Those brave crypto traders who remember with angst the great Bitcoin crash from mid-January 2018 will now have to deal with a dreaded sequel.
Bitcoin dipped again below the $10,000 mark, taking all other digital coins along for the slide. Bad regulation news from South Korea, may be to blame. Facebook also updated its advertising policies to ban any crypto ads whatsoever. But it’s not all bad news.
So what happened?
Bitcoin’s value dropped below $10,000 on Tuesday, just South Korea’s new cryptocurrencies trading rules went into effect. Put succinctly, you now have to use your real identity when trading Bitcoin or anything on a Korean exchange. Furthermore, as CCN explains, foreign investors are prohibited from accessing Korean markets.
The Korean crypto exchange business was booming last year, offering even better prices than other international exchanges. That explains the ban on foreign investors. As for requiring users to link their trading accounts with real bank accounts, that’s meant to prevent crimes like money laundering.
Facebook, meanwhile, announced on Tuesday that it’ll ban all ads that promote cryptocurrencies, binary options, and initial coin offerings. That’s because some of those ads promote deceitful products that can harm the user:
We want people to continue to discover and learn about new products and services through Facebook ads without fear of scams or deception. That said, there are many companies who are advertising binary options, ICOs and cryptocurrencies that are not currently operating in good faith.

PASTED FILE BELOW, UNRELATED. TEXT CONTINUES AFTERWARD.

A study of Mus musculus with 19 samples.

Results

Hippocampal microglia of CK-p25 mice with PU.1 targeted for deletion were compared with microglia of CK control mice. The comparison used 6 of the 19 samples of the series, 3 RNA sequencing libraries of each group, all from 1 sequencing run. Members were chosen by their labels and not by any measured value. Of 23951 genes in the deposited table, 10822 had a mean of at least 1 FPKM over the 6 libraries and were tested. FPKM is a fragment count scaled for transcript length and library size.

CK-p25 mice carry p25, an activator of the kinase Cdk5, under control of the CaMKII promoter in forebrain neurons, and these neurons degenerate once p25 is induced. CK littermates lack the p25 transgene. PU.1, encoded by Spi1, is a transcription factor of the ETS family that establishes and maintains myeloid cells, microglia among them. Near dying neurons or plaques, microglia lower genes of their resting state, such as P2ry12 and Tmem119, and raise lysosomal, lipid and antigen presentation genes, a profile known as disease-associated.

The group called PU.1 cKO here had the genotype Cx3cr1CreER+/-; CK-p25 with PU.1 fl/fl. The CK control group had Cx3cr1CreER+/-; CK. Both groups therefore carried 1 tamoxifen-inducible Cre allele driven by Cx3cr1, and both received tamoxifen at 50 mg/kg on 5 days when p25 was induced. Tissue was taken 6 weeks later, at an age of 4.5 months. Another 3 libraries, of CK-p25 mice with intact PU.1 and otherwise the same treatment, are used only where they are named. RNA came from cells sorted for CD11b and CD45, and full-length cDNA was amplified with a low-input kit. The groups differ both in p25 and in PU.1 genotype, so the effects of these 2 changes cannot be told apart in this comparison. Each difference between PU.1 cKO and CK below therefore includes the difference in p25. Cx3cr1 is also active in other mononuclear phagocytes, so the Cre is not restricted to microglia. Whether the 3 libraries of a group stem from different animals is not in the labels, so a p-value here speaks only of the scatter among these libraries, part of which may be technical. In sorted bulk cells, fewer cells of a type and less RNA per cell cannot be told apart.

The policy may change in the future, as Facebook implements new ways of discovering potentially harmful ads. Facebook’s announcement also dropped on Tuesday, but it’s unlikely it had such a significant impact on the market as regulation news from Korea. Still, it proves that crypto business is facing plenty of scrutiny from all sorts of organizations.
The good news
Yes, there’s good news too. South Korea firmly denied plans to ban cryptocurrency trading entirely, Reuters reports.
“There is no intention to ban or suppress cryptocurrency (market),” South Korea’s finance minister Kim Dong-yeon said on Wednesday. It might be a while until Bitcoin recovers, but this is definitely good news.
Also good news is that Samsung, which is selling more chips than ever, according to its latest financial results, is moving into the ASIC-making business. ASICs, for those people unaware of them, are special chips that power computers whose only purpose is mining Bitcoin and other cryptocoins.
Per Digitimes making ASICs for Bitcoin miners may be a new growth driver for Samsung. TSMC, meanwhile, also landed big orders for ASICs, according to the same site.
Bitcoin right now
Bitcoin recovered to over $10,200, but that still represents a more than 7% drop compared to the previous day, according to data compiled by CoinMarketCap:
Most coins are down, anywhere from 3% to 13%, including popular ones like Ethereum, Ripple, and Bitcoin Cash. Some of the coins you’re barely aware of might be having an even worst day than the cool ones. The second bloodbath of January might not be over yet, but we have no way of knowing which way the market is going to swing next.